According to CNN, King will attend the Charleston Meeting, a frequent gathering of conservative politicians and business leaders that has hosted previous presidential contenders, including Sen. Rand PaulRand PaulRand Paul to teach a course on dystopias in George Washington University Destructive 'fat cat' tax law a complete flop. It's time to repeal it. Trump must take action in Macedonia to fix damage done by Obama and Clinton MORE (R-Ky.), who is widely thought to be preparing for a 2016 presidential run.

Lin Bennett, a vice chairman of the South Carolina Republican Party, told CNN that the congressman is also planning a sit-down on Aug. 26 with local Republican leaders, a step that Bennett said is typically an indication of interest in a presidential run.

"When they call and ask me to do that, my thought is maybe they are thinking about a presidential run," Bennett said.

King will meet with 20 activists in what Bennett described as "just an opportunity for some people to talk to him."

He has not yet indicated whether he's contemplating a 2016 presidential run, but he recently turned down a run for retiring Sen. Tom HarkinTom HarkinDistance education: Tumultuous today and yesterday Grassley challenger no stranger to defying odds Clinton ally stands between Sanders and chairmanship dream MORE's (D-Iowa) seat, a decision that some Republicans believe was a better one for the party's chances.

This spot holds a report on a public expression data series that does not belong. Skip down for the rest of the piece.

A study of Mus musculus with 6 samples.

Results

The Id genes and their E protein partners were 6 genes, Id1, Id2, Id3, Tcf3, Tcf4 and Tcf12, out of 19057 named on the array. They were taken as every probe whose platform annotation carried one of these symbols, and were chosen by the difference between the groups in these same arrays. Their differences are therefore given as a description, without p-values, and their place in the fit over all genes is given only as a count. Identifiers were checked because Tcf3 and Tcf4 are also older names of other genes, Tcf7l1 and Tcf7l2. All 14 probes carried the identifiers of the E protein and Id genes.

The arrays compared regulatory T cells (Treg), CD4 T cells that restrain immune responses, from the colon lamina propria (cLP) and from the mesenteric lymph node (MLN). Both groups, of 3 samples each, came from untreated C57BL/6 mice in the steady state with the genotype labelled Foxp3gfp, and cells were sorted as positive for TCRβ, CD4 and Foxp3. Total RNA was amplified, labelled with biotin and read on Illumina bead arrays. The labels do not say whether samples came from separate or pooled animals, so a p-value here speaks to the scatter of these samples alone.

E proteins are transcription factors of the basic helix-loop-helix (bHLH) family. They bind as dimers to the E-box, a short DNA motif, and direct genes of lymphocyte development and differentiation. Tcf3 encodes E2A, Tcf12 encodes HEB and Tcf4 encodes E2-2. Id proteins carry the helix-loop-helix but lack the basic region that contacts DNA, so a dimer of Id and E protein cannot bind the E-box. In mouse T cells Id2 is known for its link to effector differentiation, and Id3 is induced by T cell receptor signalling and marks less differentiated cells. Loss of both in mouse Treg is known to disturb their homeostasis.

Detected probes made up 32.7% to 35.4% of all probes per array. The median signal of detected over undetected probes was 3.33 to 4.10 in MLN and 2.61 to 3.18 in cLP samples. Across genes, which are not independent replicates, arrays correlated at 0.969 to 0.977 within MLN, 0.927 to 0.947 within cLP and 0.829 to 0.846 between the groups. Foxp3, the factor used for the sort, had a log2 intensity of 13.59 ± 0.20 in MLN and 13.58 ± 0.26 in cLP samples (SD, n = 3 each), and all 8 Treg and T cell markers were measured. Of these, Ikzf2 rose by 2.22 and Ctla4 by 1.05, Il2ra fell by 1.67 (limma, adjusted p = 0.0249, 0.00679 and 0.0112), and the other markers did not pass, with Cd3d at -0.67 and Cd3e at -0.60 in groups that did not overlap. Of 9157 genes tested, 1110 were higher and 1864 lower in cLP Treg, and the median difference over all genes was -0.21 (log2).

The conservative Iowa congressman is one of the party's most outspoken critics of bipartisan attempts to reform the nation's immigration system, and has come under fire from GOP colleagues for controversial comments he's made about reform provisions.

Most recently, he suggested that a proposal to give citizenship to children brought to the U.S. illegally was misguided because "for every one who's a valedictorian, there's another 100 out there who weigh 130 pounds and they've got calves the size of cantaloupes because they're hauling 75 pounds of marijuana across the desert," according to Newsmax.

House Speaker John BoehnerJohn BoehnerLobbyists bounce back under Trump Business groups silent on Trump's Ex-Im nominee Chaffetz won't run for reelection MORE (R-Ohio) and other Republicans condemned King's comments, which come as the GOP is working to move forward on reform in hopes of making some inroads among Hispanic voters, who overwhelmingly voted Democratic in the last election.

King, however, gets much of his support from the socially conservative and evangelical blocs of the Republican Party, and would likely make an impact in the early primary contests in Iowa and South Carolina.